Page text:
Next year is the football World Cup and we all know what is going to happen should England qualify. They will struggle through the group phase before losing (almost certainly on penalties) in the quarter finals. The nation will, as usual, be disappointed — but, according to football writer Simon Kuper, we should not be.
In a new book, Why England Lose and Other Curious Phenomena Explained, Kuper and co-author Stefan Szymanski apply economics, statistics and psychology to football topics and come up some surprising conclusions.
In their view, England are not, as we all tend to believe, the international game’s perennial under-achievers — on the contrary, we actually do better than we should. Kuper explains: “Our main problem is that, compared to the European football powerhouses — Germany, Italy, France — we don’t have a very large population.
“In terms of wealth, we don’t have an advantage over the other major European powers and the edge in experience we used to have has now been cancelled out too. Having said that, England are consistently the 10th best football playing nation in the world, which is slightly better than where we should be.”
He points out that while England over-achieve to an extent, other countries, such as Holland, Portugal, Croatia and even Georgia, do so spectacularly. So why can’t we be more like them? “We can, but England need to change certain things,” he says. “Historically, we have not been plugged into the European football knowledge network.
Teams like England on the periphery of Europe do worse than those on the Western European mainland. But in the past 15 years we’ve seen London change into a fantastically networked city, and the Premiership is now one of the great European leagues, so that could be changing.”
Kuper does not agree with the popular view that we need more English players in the Premier League. He argues that English players account for 37 per cent of playing time in the Premier League, “more than any other nationality in what is now the world’s toughest league”. In fact, our players play too many games and tend to arrive at the major championships exhausted.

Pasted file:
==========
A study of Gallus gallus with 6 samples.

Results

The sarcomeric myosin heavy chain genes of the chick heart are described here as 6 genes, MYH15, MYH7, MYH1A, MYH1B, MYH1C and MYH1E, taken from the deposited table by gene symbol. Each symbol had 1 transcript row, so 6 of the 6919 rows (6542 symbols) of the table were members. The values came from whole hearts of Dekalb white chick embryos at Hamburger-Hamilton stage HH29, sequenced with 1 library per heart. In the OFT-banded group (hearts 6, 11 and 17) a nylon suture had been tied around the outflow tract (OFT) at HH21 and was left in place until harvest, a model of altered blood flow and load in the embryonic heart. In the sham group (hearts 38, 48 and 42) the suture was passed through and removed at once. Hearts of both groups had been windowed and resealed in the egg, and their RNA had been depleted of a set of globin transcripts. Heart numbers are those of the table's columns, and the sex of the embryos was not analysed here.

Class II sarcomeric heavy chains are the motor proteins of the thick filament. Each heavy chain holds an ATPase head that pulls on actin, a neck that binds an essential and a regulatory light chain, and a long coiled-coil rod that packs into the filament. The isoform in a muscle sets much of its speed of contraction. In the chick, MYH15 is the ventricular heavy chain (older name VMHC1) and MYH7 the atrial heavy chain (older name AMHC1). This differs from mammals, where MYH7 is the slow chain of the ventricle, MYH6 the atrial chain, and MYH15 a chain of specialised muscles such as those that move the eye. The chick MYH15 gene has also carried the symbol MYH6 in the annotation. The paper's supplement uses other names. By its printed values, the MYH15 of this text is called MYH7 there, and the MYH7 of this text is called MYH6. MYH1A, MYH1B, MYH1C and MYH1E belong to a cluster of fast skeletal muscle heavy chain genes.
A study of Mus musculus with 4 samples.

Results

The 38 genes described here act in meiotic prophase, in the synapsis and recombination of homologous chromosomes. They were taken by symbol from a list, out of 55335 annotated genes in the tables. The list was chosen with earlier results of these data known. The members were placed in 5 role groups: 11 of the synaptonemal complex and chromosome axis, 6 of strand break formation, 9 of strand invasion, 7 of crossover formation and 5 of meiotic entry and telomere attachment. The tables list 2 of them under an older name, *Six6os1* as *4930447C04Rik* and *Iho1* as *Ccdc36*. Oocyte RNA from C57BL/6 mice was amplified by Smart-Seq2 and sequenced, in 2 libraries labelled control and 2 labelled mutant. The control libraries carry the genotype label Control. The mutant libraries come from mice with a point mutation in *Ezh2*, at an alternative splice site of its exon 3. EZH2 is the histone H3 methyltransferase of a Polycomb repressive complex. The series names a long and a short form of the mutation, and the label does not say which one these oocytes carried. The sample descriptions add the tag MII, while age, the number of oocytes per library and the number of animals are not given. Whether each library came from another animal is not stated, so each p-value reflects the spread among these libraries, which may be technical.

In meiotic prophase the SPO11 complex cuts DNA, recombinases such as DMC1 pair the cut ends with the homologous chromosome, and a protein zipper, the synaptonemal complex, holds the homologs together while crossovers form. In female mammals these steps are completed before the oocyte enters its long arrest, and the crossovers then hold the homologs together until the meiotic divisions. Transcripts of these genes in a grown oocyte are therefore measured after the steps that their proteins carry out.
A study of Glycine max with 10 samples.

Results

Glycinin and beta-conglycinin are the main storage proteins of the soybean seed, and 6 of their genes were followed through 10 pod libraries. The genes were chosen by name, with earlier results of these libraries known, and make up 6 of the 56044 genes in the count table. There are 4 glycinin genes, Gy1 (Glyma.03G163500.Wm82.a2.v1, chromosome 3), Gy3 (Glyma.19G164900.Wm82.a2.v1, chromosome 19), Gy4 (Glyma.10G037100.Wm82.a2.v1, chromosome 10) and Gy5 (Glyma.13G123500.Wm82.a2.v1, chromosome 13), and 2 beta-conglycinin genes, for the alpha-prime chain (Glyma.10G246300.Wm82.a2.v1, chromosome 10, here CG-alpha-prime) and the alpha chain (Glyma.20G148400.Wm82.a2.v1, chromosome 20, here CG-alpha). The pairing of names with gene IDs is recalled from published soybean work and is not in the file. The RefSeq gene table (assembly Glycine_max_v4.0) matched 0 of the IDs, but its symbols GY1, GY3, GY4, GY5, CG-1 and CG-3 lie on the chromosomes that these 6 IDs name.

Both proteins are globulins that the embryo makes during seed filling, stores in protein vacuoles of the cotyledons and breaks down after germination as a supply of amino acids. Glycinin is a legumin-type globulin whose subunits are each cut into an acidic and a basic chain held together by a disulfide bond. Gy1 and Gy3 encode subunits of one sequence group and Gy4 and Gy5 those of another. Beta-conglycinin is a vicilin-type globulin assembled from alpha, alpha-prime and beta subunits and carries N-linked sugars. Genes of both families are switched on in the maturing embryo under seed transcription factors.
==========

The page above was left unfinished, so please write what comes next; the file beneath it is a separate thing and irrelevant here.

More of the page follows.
He also thinks English football needs to start including the middle classes. Nearly all footballers are still recruited from the traditional working class — one reason, Kuper thinks, why we are still waiting for the first British Jew to debut in the Premier League. “When you get the middle classes involved, you will get Jewish footballers — the racial idea about Jews being unfit is ridiculous. When football was an amateur game in cities like Budapest and Vienna before the Second World War, there were a lot of Jewish footballers.”
Kuper himself could certainly be described as at the centre of the European football network. Born in Uganda to South African Jewish parents, he was brought up in Holland before moving to England to study and work. He now lives in Paris with his wife and three young children. Having met sports economist Szymanski at a football conference in Turkey, the pair set about using statistics to challenge football’s orthodoxy.
“I wanted to start questioning the assumptions. Like the myth that England are terrifically disappointing and that the manager of a football team is all-important,” he says.
Controversially, Kuper believes that Manchester United’s success has little to do with Sir Alex Ferguson. “We did the numbers and it turns out that players salaries explain almost everything in football. Sir Alex’s achievement has been to remain in charge of United.
“But look at Chelsea — they have changed their managers frequently over the last few years, yet whoever is in charge, they finish on average second in the Premiership and always do well in the Champions League.”
So is there a proven method for a club wanting to achieve more? “Yes. Don’t waste your money on transfers. The most successful clubs spend a high proportion of their money on wages and a low proportion on transfer fees.
When spending, pay more for defenders and goalkeepers who tend to be undervalued and try not to buy centre forwards who are overvalued. And don’t buy teenagers or older players. Buy 20-22 year olds. By that stage you know how good they are going to be but they are not yet over-priced.”
Kuper feels that statistical analysis will become progressively more important in football. “There may be things that you can’t totally measure in football but there is a lot that you can. I spoke to the director of the laboratory that the Italian club AC Milan run to analyse their players. He was saying that without analysis, it’s like having great cars with no dashboards. People are now beginning to install instrument panels and we think of this book as part of that.”